University Park, Pa. — Stanford University Press recently published Fans of the World, Unite! A (Capitalist) Manifesto for Sports Consumers co-authored by Stephen F. Ross, Penn State professor of law and director of the Penn State Institute for Sports Law, Policy and Research, and Stefan Szymanski, associate dean of the Cass Business School, City University of London.
Ross and Szymanski have spent many years evaluating the ways in which sports leagues work across the world. Drawing on their extensive research, the authors narrow down their plan to two simple but significant reforms. This twofold remedy would result in sporting competitions being organized and contested in a manner better designed to maximize their appeal to sports fans, as noted in the book:
(1) Sports leagues should be restructured to vest control in a for-profit commercial enterprise that is separate and distinct from the owners of clubs participating in the competition, and (2) participation in each sport’s major leagues should be based on merit, demonstrated best by performance in the prior season."
Their first proposal, that team owners should not own sports leagues as well, is already implemented successfully by NASCAR. Their second proposal, that introducing competition through a promotion and relegation system in which the worst teams in the league are kicked out at the end of the season and replaced by the best performing teams in the next division down, is the standard practice for all international soccer leagues. These two systems would give poorly performing teams incentive to step up their game, allow fresh blood to enter the leagues, and engage fans in true competition.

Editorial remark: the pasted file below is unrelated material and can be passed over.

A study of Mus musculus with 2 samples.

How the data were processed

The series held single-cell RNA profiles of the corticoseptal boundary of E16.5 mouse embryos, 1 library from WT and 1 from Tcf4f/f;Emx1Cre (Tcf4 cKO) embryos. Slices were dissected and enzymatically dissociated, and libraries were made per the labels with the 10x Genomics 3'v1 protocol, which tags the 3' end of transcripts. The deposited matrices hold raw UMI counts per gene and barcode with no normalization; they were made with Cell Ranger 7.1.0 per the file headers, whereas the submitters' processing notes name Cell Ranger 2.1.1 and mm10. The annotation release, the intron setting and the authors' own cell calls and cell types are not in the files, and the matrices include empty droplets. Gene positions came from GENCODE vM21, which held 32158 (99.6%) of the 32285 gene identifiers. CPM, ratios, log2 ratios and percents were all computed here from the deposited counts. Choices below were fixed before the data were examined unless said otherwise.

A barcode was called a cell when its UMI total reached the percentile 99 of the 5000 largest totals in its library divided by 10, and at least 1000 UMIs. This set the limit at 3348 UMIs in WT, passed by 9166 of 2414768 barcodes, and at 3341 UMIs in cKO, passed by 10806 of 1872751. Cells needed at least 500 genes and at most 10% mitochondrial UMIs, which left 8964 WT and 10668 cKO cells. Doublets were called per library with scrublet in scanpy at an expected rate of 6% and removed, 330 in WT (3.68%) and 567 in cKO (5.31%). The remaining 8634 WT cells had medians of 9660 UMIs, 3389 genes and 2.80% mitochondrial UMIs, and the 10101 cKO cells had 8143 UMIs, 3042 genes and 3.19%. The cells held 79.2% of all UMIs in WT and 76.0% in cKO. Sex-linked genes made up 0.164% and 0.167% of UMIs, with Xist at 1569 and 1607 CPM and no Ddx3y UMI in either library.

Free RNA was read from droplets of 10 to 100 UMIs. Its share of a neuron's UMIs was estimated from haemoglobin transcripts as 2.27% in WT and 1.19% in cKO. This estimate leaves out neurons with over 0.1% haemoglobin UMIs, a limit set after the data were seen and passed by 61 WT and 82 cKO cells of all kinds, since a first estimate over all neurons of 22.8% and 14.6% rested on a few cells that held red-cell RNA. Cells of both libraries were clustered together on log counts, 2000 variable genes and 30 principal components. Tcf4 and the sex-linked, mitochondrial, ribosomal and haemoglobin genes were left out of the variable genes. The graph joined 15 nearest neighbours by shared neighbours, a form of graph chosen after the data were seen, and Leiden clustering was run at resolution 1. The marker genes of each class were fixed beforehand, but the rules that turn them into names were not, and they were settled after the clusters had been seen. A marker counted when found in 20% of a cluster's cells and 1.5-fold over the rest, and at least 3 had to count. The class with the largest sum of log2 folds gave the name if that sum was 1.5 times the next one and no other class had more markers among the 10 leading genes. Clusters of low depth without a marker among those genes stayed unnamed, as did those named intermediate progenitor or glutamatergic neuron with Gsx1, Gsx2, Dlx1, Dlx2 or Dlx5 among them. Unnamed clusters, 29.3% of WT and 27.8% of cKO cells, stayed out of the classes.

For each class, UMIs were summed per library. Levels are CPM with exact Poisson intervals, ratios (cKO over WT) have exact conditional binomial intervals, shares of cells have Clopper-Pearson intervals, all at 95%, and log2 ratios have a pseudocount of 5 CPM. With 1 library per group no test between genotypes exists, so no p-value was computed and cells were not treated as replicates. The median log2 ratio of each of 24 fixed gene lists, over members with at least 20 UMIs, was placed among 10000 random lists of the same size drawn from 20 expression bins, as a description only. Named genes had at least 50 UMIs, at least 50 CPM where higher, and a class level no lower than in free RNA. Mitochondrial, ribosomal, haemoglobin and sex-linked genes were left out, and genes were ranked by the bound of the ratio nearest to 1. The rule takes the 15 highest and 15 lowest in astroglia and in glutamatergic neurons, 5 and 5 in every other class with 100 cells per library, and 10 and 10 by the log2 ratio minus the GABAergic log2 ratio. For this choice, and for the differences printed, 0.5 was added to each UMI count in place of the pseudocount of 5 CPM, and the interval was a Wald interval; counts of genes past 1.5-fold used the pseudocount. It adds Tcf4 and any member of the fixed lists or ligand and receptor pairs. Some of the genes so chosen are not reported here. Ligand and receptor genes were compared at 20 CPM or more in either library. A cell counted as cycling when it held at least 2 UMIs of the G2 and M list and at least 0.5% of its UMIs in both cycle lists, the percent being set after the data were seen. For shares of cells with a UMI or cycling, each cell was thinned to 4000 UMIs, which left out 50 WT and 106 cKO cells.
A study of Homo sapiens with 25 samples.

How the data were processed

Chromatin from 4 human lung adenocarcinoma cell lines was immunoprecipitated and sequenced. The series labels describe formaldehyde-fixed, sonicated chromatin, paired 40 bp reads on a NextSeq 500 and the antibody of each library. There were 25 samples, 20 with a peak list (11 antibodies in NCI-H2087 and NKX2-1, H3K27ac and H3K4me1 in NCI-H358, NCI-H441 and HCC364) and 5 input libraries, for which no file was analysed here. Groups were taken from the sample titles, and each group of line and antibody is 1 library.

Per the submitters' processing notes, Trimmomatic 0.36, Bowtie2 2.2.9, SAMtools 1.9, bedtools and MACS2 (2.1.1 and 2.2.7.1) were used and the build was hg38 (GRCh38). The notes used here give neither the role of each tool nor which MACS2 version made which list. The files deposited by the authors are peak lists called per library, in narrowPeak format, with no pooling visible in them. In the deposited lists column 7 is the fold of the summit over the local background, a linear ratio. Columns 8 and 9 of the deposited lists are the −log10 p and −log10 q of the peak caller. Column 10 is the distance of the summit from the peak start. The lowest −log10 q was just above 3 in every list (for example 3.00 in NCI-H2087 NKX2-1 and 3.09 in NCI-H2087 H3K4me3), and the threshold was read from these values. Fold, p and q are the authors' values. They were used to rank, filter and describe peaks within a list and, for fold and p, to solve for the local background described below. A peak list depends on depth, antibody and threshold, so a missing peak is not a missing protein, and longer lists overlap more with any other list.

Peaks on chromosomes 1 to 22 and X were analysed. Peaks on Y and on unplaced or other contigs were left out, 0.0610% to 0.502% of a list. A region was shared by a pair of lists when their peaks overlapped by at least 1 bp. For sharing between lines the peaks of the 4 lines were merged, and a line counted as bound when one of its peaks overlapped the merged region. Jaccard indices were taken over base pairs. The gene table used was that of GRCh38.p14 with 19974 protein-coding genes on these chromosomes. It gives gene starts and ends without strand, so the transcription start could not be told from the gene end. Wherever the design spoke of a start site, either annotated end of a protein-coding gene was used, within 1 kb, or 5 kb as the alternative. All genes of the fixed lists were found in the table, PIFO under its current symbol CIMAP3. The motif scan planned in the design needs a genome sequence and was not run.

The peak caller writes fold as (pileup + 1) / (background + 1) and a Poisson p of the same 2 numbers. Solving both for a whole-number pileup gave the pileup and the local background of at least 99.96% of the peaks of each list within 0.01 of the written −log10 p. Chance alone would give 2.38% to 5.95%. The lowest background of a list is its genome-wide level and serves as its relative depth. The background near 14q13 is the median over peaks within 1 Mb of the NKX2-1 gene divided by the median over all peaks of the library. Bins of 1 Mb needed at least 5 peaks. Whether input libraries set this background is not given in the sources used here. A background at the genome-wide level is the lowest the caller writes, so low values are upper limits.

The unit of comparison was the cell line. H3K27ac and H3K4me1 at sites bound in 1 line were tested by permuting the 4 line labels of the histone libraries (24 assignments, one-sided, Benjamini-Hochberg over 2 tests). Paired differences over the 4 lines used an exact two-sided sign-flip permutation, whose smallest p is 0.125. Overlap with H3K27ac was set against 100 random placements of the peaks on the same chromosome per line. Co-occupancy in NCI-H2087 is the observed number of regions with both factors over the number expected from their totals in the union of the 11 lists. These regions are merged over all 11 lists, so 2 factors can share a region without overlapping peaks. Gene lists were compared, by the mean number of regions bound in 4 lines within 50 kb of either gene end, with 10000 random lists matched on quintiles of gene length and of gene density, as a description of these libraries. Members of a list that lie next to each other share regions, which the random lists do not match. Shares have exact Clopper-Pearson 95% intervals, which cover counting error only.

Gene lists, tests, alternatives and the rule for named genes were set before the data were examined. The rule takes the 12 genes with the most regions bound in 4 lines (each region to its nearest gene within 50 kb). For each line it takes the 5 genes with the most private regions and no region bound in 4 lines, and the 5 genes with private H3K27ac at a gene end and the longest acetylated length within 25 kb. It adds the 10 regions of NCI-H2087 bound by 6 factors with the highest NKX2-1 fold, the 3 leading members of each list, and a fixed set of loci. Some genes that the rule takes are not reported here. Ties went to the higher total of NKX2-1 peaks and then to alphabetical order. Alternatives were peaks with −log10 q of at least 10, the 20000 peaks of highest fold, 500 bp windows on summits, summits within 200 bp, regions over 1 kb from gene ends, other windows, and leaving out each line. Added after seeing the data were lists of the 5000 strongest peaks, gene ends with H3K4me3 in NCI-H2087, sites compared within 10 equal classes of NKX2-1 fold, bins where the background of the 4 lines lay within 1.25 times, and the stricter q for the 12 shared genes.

Matt Mitten, law professor and director of the National Sports Law Institute at Marquette University Law School, describes the book as "fascinating reading that breaks new ground. Based on economic and historical research, this book provides an incisive analysis of the existing structure and governance of U.S. professional sport leagues, and the authors offer thoughtful, creative remedies to the perceived problems they identify. It is an original, thought-provoking contribution to the sports literature."
Ross is the Lewis H. Vovakis Distinguished Faculty and director of the Penn State Institute for Sports Law, Policy, and Research. His expert testimony and advice on antitrust issues in the sports arena has been sought by various governmental entities in the United States and Canada. Additionally, he has served as pro bono counsel to the Consumer Federation of America on sports antitrust litigation.